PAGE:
William Bell's Story:
I remained at Kawasaki 3-D until about March of 1945, when I was
transferred to Camp Omori #8 at Japanese Headquarters in Tokyo, Japan (a
man-made island reclaimed from the sea for the purpose of isolating
POW's). I remained at Omori for approximately one month. Camp Omori
(Nippon Tsuun), originally known as Shinagawa Camp, was used mainly as a
hospital camp. It was located at Tokyo-to,
Omori-ku, Iriarai-machi. While I was assigned to Omori I remember being
out on a work party when we came across the dead body of an American
pilot floating in the water near the shore. Even though I was saddened
at the sight of a lost ally the one thing that caught my eye was a
"ration chocolate bar" floating near his body.
My heart immediately started pounding because I wanted to get that bar so badly before the Japanese guards who were watching me, spotted it. I was lucky enough to snatch the chocolate bar and hide it under my shirt before the guards had noticed what I had done. We were then ordered to bury the pilot in the sand before returning to camp. Once I got back to camp I remember cutting the chocolate into small pieces and everyone in my hut salivated over the taste of real chocolate!! For more information and photos on Camp Omori please see the website at: www.mansell.com/pow_resources/camplists/tokyo/omori/omori.html
Another place we were taken to labour was at a railroad line several miles away. We were made to unload cargo from boxcars, including large bags of rice and concrete. We always managed to rip some of the bags containing rice and other goods that we were handling, so that we could pilfer whatever we could to survive. This was always taken back to camp for sharing with fellow prisoners. Our Winnipeg Grenadier uniform had cuffs on the pant legs which made an excellent hiding spot for smuggling the rice we would pinch!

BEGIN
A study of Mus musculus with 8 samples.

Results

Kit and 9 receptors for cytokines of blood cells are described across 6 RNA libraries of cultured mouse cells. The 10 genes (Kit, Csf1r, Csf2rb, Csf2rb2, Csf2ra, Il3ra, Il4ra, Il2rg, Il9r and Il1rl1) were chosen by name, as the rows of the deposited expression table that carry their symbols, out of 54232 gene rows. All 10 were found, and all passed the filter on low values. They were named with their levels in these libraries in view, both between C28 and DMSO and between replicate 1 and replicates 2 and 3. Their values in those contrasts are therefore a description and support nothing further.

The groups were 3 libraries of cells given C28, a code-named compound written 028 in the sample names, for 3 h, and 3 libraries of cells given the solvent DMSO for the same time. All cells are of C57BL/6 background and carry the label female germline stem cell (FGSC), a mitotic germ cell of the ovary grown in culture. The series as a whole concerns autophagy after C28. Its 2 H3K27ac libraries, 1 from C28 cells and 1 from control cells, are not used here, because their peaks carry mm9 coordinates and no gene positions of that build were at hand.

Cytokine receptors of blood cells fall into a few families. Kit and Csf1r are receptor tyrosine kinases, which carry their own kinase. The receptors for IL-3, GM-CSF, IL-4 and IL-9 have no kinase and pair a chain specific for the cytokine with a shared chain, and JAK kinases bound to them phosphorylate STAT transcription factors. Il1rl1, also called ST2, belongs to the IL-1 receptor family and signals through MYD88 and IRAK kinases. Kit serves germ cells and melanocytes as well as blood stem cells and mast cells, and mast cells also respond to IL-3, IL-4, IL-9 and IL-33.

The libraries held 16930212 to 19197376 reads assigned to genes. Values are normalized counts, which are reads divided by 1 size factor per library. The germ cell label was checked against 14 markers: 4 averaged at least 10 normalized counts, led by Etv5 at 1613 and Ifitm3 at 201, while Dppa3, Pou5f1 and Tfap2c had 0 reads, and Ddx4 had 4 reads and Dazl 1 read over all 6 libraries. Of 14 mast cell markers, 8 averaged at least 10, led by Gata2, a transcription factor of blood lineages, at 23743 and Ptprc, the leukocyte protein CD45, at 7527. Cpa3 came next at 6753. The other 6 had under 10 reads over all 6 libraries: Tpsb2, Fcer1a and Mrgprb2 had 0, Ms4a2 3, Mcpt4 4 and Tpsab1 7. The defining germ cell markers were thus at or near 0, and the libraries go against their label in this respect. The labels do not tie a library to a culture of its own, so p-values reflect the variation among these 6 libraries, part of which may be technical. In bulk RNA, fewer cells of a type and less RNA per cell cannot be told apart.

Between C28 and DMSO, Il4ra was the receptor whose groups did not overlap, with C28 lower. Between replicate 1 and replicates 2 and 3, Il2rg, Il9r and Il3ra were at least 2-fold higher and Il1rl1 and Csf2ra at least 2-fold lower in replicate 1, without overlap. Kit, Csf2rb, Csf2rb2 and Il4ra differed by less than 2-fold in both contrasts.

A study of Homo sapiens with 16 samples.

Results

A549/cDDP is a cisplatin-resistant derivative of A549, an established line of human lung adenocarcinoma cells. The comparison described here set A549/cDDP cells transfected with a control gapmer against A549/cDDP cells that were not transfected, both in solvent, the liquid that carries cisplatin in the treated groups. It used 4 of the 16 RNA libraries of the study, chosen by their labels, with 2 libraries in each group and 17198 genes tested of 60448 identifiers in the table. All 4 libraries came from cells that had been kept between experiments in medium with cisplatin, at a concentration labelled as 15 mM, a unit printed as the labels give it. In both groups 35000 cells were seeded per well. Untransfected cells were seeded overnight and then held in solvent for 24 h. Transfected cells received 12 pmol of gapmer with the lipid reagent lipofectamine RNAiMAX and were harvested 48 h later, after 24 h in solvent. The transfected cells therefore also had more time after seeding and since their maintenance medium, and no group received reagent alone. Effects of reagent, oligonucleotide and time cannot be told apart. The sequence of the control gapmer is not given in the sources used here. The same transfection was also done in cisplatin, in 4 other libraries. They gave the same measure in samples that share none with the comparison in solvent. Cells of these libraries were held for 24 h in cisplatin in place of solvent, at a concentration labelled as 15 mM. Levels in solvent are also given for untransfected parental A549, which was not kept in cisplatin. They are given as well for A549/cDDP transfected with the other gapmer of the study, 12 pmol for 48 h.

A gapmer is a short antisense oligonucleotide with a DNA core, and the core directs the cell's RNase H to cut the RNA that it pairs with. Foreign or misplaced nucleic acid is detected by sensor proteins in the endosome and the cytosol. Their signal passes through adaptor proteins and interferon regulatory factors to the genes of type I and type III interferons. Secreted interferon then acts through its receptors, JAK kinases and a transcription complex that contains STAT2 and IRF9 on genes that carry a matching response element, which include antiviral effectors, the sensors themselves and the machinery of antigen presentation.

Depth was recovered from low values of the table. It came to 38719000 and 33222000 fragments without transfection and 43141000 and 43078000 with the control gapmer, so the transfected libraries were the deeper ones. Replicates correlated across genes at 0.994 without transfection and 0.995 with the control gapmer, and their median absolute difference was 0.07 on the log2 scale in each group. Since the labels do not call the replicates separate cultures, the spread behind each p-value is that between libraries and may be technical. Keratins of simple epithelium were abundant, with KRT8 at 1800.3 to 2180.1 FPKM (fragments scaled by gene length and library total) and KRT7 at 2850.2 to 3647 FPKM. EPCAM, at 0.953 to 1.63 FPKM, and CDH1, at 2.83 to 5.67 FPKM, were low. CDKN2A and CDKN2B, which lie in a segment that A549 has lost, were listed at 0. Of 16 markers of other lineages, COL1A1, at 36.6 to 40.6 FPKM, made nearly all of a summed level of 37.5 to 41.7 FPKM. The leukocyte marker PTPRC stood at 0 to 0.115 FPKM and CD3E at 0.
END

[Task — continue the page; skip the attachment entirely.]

Many of us also constructed little bags from whatever rags we could get our hands on. We would use little pieces of bamboo to close off the bag. This bag was put inside the waistband of our pants and used to hide rice or anything else we were unloading. On many occasions there would be air raids by the allies while we were unloading boxcars. One time they dropped incendiary bombs all around us and we ran inside one of the nearby bunkers. One of the incendiaries hit the outside of the bunker narrowly missing us. Luckily, none of us were injured. I do remember running several miles all the way back to camp.
In the fall of 1944, after 3 years of forced labour, we saw American B-29 bomber planes in the sky. This was the first evidence of any help out there, but we were scared they would bomb the camp and the shipyard areas where we were forced to work
While I was in Camp Omori I witnessed bombing raids by the famous “Doolittle Boys” where they dropped incendiary bombs which devastated large areas nearby. On March 9th, Tokyo was bombed in the largest air raid, causing 130,000 casualties. Thankfully, our camp was spared. We had air raid shelters built in the ground which we called funk holes. One time, during an air raid, a large incendiary bomb came crashing through the wall of an air raid shelter we were in. Through sheer luck the bomb was a dud, and did not explode.
Luckily, I didn't have to work in the mines, but a fellow Grenadier and long time Winnipeg neighbour, George Nobiss, toiled many long hours in the Japanese mines at Sendai. He suffered his whole life as a result of the dust he inhaled. Ironically, George worked for a coal company, delivering coal throughout Winnipeg when he returned home.